Wednesday, July 22, 2015
cool air blowing on the street
------------------------------ [excerpt, Reading Jackie, by William Kuhn] --------------------- [Author Peter] Sís said, "I had no idea how long it would take me to do the book, and I ended up needing double the time allotted. 'Take all the time in the world you want," she said, and the project occupied almost a year.
At one point she got nervous.
My wife and I had just had a little baby. I was in hot and humid New York trying to re-create Prague." The centuries-old city of his youth couldn't have been more different: one of his strongest recollections was of the cool air blowing out of cellars onto the street.
He was finding progress difficult. Jackie went downtown by herself one day to call at Sís's house and rang the bell. Finding him not at home, she walked over to a building housing artists' studios at Lafayette and Spring Streets in Soho.
She decided to try finding him there, without knowing precisely which studio was his. She created a stir in the building, wandering around different studios in her dark glasses and surprising artists at their tables by knocking unannounced on their doors: "Do you know where I can find Peter Sís?"
"She finally found me," he recalled, and she was happy with the incomplete work that he showed her, even though it was beyond the deadline. "Take your time," she told him, but he knew very well that what she meant was to hurry up.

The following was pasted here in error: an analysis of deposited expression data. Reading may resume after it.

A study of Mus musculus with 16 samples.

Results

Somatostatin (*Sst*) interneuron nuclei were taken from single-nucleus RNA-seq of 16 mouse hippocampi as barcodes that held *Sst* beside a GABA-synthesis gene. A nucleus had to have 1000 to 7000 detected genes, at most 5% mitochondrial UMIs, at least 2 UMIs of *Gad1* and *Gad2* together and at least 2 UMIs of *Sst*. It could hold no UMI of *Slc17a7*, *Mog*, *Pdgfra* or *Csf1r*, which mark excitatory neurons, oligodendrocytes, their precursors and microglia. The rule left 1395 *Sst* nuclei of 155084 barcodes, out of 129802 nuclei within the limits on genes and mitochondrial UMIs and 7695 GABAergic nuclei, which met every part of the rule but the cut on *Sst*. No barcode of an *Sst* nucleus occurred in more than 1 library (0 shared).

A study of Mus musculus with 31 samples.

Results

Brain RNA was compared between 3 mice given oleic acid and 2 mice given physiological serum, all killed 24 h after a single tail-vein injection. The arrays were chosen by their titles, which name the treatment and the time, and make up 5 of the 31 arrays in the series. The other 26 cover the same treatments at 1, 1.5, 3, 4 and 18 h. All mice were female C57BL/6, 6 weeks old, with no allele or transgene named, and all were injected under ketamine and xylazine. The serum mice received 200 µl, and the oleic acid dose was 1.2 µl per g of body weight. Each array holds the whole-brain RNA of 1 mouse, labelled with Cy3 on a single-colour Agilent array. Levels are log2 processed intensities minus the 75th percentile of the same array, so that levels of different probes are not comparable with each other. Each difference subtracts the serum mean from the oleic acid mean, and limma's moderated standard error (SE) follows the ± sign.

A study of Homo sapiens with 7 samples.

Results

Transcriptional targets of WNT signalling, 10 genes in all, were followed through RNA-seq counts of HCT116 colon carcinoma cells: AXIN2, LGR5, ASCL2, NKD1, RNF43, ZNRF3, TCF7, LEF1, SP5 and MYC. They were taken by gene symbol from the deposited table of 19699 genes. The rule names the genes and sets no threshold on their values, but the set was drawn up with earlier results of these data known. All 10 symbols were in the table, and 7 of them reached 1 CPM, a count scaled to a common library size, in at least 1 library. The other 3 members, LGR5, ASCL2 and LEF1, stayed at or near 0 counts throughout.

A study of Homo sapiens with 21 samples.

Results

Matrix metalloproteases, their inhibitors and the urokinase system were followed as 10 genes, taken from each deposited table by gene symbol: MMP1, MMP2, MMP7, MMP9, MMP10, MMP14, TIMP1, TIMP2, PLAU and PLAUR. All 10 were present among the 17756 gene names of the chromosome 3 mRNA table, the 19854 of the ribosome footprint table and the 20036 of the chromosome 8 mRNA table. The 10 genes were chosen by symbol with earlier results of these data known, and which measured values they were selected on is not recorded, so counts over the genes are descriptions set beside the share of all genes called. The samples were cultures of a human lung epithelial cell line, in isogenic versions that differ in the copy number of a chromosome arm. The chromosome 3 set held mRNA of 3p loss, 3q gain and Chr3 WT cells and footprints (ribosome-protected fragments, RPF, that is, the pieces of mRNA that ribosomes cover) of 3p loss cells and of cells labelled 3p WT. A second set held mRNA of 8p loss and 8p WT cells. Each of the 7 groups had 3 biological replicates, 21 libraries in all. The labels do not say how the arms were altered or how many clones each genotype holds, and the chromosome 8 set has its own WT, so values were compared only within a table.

When he finally finished, he had to take all his artwork in to Doubleday.
"We had a meeting in a conference room that was all glass," with a view over the towering buildings of midtown Manhattan. "We spread all the art on the floor. For an immigrant, this was the most amazing moment. I had all my art above New York and Mrs. Onassis was down on the floor looking at it." ...
...The narrator of The Three Golden Keys tells the story to Madeleine, born in New York with no knowledge or experience of her father's native country. It's a dreamlike recollection of being led around Prague by a black cat....
With this book, Jackie aimed at an unusual crossover audience suddenly curious about one of the jewel-like Eastern European cities that had been off-limits to Westerners for the past thirty years.